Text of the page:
At Green Bay
8:25 p.m. ET
62 degrees, clear
Key Decision #1: (GB ball, trailing 10-0/just before end of 1st half)
• Packers head coach Mike McCarthy will want this one back. With QB Aaron Rodgers hurt and backup DeShone Kizer in cold off the bench, the Packers had the ball in their territory with less a minute remaining in the half, and the Bears having no timeouts left.
• The Packers faced a third-and-long; instead of simply running the ball, burning the clock and going into halftime down 10-0 (we know, not ideal, but playing at home with an improved defense … certainly not out of the game), the Packers chose to throw the ball.
• Kizer was hit, the ball was scooped up by Bears DL Khalil Mack and returned for a TD and a 17-0 Bears lead.
Key Decision #2: (Bears ball, leading 20-17/fourth-and-2 at GB 14/2:42 4Q)
• At this juncture in the game, GB had all the momentum, but a Bears TD would close out the game. Bears QB Mitch Trubisky had just led a nice drive to get the Bears into this position.
• The decision confronting Bears head coach Matt Nagy: kick the FG … or try to get the first down and wind down more clock (GB was out of timeouts), and ultimately score a game-clinching TD, especially knowing that Packers QB Aaron Rodgers was on fire at that point? Nagy opts for the FG to go up, 23-17.
• This is obviously a close call. The Bears defense had played well in this game — but that was in the first half, and their personnel is young on the back end. However, if the Bears don’t get the first down, a FG ties the game, although Rodgers would be facing a long field.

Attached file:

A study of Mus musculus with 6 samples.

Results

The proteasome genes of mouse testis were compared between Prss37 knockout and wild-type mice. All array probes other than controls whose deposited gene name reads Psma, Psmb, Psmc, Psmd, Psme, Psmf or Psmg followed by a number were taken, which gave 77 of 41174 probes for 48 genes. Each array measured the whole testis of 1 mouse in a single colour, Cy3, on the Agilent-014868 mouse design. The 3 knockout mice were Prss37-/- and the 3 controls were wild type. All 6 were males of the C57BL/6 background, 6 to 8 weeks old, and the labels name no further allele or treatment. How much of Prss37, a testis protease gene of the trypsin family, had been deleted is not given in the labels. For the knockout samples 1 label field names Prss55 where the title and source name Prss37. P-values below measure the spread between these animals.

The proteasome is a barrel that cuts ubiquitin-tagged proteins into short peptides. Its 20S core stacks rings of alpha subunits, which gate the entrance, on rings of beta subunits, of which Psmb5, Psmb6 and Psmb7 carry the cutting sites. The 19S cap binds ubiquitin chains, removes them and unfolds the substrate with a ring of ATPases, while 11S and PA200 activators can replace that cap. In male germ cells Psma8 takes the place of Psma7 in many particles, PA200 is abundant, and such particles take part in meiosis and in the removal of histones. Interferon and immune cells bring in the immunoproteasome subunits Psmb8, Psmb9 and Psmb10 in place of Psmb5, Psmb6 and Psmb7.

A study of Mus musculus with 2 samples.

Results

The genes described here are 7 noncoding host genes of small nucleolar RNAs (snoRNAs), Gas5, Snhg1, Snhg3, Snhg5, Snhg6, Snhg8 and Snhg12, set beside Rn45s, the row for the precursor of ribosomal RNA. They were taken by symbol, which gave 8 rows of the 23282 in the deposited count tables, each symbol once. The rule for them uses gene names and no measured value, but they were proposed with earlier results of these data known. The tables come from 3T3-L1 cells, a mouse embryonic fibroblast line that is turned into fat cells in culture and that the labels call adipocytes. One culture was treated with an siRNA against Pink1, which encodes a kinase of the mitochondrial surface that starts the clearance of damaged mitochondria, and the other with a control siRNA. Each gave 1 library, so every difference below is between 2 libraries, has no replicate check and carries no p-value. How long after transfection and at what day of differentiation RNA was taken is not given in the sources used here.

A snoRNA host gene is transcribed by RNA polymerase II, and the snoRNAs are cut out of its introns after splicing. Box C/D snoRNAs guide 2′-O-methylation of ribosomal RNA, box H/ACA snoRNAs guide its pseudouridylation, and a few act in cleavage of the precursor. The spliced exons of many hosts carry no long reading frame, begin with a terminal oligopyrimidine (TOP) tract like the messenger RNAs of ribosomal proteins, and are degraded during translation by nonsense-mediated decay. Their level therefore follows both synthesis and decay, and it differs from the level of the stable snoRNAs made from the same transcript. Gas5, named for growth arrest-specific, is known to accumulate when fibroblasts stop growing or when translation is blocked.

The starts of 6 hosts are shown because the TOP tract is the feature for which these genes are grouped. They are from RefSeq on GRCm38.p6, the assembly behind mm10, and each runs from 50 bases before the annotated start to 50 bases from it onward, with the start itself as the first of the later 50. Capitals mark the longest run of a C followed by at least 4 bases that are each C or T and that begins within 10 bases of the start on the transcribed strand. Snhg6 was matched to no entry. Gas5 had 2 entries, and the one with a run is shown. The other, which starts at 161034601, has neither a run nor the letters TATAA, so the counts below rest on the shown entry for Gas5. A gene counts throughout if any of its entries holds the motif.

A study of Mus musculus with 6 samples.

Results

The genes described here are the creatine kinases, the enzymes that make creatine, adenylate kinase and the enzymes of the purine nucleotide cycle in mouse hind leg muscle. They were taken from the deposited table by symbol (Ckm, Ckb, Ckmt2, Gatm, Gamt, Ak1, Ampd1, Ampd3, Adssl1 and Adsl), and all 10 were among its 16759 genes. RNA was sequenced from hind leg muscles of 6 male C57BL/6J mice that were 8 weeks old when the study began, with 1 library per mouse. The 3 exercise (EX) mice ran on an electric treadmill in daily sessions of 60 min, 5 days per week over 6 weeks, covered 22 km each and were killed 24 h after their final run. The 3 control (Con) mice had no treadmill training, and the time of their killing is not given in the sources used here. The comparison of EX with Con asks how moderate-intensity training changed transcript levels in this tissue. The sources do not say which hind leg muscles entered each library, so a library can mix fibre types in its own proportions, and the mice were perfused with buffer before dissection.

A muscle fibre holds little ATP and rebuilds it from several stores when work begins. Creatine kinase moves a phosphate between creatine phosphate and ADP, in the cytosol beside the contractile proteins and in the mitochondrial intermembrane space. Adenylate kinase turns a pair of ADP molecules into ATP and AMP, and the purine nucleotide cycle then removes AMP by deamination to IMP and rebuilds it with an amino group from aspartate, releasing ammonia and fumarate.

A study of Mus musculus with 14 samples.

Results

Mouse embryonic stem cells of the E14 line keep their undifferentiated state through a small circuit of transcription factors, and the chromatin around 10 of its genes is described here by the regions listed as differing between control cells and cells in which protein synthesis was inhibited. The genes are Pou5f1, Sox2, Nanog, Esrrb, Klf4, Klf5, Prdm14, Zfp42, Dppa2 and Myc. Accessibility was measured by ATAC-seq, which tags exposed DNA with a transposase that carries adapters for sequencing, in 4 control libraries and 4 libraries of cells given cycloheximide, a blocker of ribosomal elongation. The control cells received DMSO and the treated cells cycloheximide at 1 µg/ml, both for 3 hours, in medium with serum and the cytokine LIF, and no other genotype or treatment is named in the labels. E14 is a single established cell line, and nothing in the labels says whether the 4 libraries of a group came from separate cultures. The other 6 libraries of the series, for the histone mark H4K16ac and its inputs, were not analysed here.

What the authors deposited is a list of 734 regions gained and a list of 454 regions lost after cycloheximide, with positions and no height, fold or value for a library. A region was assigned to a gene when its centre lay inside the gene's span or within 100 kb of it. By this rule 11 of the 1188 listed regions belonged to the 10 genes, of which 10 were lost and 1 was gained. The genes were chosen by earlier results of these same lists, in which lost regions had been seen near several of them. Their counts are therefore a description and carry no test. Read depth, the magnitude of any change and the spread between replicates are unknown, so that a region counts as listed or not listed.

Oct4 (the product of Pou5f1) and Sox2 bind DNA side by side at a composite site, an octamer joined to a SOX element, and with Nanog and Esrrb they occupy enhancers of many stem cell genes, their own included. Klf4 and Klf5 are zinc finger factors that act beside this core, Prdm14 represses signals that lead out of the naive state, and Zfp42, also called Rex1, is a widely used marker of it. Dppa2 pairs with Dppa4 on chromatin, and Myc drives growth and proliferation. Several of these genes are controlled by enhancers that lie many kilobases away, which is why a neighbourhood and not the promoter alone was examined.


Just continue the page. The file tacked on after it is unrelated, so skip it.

• Each decision is supportable – but ultimately, how many chances do you get to win at GB if you are the Bears, with a rookie head coach and second-year QB? Especially since Nagy went for a fourth-and-4 at the Packers 37 at 6:49 in Q2? Nagy shows great promise as a HC, and he’ll get more cracks at situations like these.
• Even with a loss, this was a good first game for rookie head coach Matt Nagy. He put his team in a position to win. However, on the final drive of the game, one could see where the Bears are green – that two-minute offense needs some work, and it appeared to us Nagy had difficulty getting the play calls in to QB Trubisky. We could be wrong about this – after all, we are just watching on television along with everyone else – but the last drive appeared too helter-skelter for our liking.
• While Packers head coach Mike McCarthy botched the end-of-first-half scenario with the clock, he did a good job at the end of the game preserving time on the clock for the Packers’ comeback. The scenario at the end of the half, however, is preventable and almost cost them a game.
• McCarthy did a good job of making an in-game adjustment and going up-tempo once the Packers fell behind. Generally speaking, under McCarthy the Packers are a front-running team, and actually have not had much success coming from behind in two-score deficits. McCarthy went up-tempo early in the second half, and it paid off.
• Once the Bears got away from the running game, we also thought the Packers did a good job utilizing their personnel as they often went with six DBs in the game.
• On the final drive of the game, with the Bears attempting to get into FG range, it appeared to us that the Packers decided to rush only three, thereby leaving the running game open to the Bears. Since the Bears had two timeouts left, we felt they could have gained more yardage utilizing Tarik Cohen and Jordan Howard perhaps, as both played well.